Everybody knows that what candidates say in an interview is important. But, despite decades of research and ongoing popular interest, it remains unclear which nonverbal cues displayed in the interview have the greatest impact on hiring decisions. Because studies can reach different conclusions, the "big picture" can be hard to see. However, statistical methods help us to resolve the uncertainty produced by inconsistent results.

We draw on what researchers call "dual-process theory" in understanding the role of nonverbal cues in hiring interviews. This theory says that when making decisions, people can be quick and intuitive, or they can stop and think more effortfully about the information at hand. Decision-making is thus influenced on the one hand by low-effort, quick, non-conscious thoughts and mental shortcuts and on the other hand, by deliberate, slow, systematic thoughts. We predicted that in most cases interviewers largely rely on the quick, subconscious decision process, based on the nonverbal cues the applicant displays in the interview. However, we also predicted that some characteristics of the interview (such as whether the study was conducted in an experimental research setting or out in a realistic field setting, or the interviewee's gender) would prompt interviewers to use the more effortful and deliberate style of making hiring decisions.

My research colleagues and I analyzed 63 independent studies to test our predictions. We were able to connect the results of the studies to how they were designed and who was in them. Our findings showed that interviewees' appearance, movement, and voice affected judgments of how well they performed during job interviews and, thus, the likelihood of them being hired. Professional appearance was the most powerful predictor of interview performance. An applicant's clothing can be used to make inferences about the wearer, and in situations where little information about the wearer is available, dress can carry increased weight in influencing an observer's perceptions.

Applicants' eye contact and head movement in an interview are also very important. Research suggests that interviewers infer trustworthiness, sincerity, conscientiousness, and even intelligence based on sustained eye contact. Similarly, head movements are often taken as signs of an individual's attentiveness and engagement in a conversation. Vocal characteristics are also related to interview performance, where attractive voices are ones that display a pleasant and varied combination of loudness, speech rate, and pitch. Voice quality can be difficult for people to change, limiting candidates' ability to improve this aspect of their interview performance. Finally, interviewees' stigmatized appearance (e.g., port wine stains, pregnancy, visible tattoos, etc.) was the only nonverbal cue negatively related to hiring decisions.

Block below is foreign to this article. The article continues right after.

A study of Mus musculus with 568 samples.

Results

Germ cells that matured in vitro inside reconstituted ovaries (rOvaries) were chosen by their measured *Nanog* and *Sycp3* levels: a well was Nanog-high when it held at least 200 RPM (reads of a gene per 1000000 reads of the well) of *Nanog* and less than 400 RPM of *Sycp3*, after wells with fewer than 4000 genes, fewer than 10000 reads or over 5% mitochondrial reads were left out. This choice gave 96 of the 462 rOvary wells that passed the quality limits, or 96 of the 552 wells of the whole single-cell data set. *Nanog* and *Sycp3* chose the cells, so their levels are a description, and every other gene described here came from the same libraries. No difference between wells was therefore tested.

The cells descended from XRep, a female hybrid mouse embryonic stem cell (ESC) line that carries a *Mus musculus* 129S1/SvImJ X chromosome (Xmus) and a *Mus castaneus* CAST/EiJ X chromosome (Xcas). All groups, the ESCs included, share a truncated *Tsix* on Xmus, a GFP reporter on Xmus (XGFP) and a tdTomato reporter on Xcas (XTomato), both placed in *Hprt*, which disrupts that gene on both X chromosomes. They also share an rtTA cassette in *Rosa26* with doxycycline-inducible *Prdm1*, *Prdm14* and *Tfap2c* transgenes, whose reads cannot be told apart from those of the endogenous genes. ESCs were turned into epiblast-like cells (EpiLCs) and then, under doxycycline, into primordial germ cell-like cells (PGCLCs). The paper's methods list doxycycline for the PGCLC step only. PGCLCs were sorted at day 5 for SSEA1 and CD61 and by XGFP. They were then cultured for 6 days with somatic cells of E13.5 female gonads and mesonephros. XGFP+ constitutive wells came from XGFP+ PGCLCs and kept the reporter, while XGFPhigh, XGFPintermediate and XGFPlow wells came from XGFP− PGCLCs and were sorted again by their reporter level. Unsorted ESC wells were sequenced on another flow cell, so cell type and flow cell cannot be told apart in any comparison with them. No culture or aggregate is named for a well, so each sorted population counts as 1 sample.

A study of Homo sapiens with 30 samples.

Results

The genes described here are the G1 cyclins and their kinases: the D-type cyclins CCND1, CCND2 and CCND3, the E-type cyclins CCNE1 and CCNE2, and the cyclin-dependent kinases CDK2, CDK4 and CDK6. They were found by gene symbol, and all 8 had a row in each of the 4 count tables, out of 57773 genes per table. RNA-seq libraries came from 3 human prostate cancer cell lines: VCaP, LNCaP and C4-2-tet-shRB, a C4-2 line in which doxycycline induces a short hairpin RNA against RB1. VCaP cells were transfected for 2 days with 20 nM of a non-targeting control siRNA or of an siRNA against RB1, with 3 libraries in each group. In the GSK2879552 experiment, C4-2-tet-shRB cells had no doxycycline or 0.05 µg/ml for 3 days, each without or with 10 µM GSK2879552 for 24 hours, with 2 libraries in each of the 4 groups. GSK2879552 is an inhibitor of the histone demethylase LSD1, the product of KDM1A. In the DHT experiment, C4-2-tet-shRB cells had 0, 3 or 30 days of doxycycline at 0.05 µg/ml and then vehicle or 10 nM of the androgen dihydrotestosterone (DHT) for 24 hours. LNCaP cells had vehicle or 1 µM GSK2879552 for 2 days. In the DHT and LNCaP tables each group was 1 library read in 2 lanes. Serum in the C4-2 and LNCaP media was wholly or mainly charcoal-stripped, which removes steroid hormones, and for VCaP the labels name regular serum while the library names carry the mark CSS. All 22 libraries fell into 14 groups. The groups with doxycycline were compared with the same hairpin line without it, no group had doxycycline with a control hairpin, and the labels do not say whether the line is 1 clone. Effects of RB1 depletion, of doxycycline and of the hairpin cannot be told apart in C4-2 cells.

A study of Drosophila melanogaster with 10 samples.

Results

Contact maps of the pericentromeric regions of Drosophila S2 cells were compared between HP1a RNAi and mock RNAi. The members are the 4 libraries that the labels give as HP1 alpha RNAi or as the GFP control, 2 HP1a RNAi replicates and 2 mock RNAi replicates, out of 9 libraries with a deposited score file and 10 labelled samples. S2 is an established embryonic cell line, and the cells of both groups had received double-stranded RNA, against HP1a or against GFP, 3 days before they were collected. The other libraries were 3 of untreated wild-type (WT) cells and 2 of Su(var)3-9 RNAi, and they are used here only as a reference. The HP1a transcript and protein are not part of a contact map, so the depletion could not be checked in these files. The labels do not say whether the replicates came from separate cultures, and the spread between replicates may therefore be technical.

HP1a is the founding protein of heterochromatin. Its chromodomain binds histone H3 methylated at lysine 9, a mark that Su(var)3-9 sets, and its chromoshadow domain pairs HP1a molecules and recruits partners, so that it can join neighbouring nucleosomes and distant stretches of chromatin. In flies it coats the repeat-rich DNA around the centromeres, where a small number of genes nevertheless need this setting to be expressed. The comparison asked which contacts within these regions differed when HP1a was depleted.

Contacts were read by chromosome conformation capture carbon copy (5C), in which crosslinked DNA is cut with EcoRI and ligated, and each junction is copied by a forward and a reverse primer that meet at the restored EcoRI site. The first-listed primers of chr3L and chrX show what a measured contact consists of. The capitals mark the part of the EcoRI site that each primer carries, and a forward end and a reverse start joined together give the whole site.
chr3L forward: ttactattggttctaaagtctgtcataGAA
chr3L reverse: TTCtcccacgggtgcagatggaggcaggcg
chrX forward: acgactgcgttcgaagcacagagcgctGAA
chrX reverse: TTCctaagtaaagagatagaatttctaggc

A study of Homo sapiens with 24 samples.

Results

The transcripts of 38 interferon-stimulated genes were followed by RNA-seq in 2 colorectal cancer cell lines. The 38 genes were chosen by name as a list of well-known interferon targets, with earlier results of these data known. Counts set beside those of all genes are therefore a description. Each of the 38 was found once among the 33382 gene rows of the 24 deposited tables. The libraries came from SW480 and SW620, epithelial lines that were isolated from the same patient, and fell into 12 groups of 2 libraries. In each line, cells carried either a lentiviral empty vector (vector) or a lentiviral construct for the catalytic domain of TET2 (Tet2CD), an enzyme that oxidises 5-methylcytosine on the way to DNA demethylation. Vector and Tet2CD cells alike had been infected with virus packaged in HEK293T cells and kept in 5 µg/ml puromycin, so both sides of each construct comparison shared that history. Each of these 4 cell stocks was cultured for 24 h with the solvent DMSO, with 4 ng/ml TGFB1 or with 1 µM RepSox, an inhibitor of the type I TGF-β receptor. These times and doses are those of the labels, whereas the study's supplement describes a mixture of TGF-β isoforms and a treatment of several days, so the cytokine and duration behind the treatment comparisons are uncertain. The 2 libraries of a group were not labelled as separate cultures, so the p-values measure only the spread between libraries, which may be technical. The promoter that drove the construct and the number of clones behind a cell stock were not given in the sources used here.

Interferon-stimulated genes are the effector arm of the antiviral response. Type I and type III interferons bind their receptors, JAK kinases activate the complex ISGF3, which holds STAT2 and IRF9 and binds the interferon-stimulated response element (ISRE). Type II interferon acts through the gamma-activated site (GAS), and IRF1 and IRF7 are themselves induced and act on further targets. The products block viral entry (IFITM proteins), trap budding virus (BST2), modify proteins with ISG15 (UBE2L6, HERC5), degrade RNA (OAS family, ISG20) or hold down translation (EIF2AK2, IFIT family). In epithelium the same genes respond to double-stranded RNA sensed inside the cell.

Organizations may increase the use of more thorough and deliberate thinking in interview evaluations by requiring interviewers to engage in more effortful mental deliberation, perhaps through the use of a more detailed interview evaluation rubric, to reduce bias against stigmatized applicants.

We also found that the gender of the interviewee played an important role in the effect of most, but not all, nonverbal cues on interview performance. Studies with more women than men demonstrated stronger effects of professional appearance and facial expressions on interview ratings. Thus, women may be rewarded in their interview ratings more than men for how they dress (professional appearance) and for their facial expressions (eye contact and smiling). This underscores the power of superficial thinking in affecting interviewer evaluations of applicants, and suggests that such judgments may reflect pervasive stereotypes about women—that they should be more emotive, expressive, and affiliative than men.

Finally, we found that the effect of nonverbal cues on interview performance is stronger in experimental, laboratory-based studies than in observational studies usually done out in the field. This may have occurred because many experimental studies use simulated interviews in low-stakes settings where the "applicant's" motivation to effectively respond may be lacking, which could artificially inflate the effect of nonverbal cues on hiring decisions.

Our review answers a near-century-old question: What impact do specific nonverbal cues have on interview performance? The answer we found is not the end, but rather, a beginning. The focus should now turn to the study of more fine-grained types of nonverbal cues in interviews and how well they predict hiring decisions, as well as the comparison of different types of jobs and employment settings.

For Further Reading

Martín‐Raugh, M. P., Kell, H. J., Randall, J. G., Anguiano‐Carrasco, C., & Banfi, J. T. (2022). Speaking without words: A meta‐analysis of over 70 years of research on the power of nonverbal cues in job interviews. Journal of Organizational Behavior, 1-25. DOI: 10.1002/job.2670

Michelle Martín-Raugh is an Assistant Professor of Psychology and director of the Employee Assessment, Selection, and Training (EAST) Lab at the University of Texas at Arlington. Research conducted in the EAST Lab explores assessments (e.g., situational judgment tests [SJTs], video-based interviews, performance-based team tasks) for use in hiring and training employees.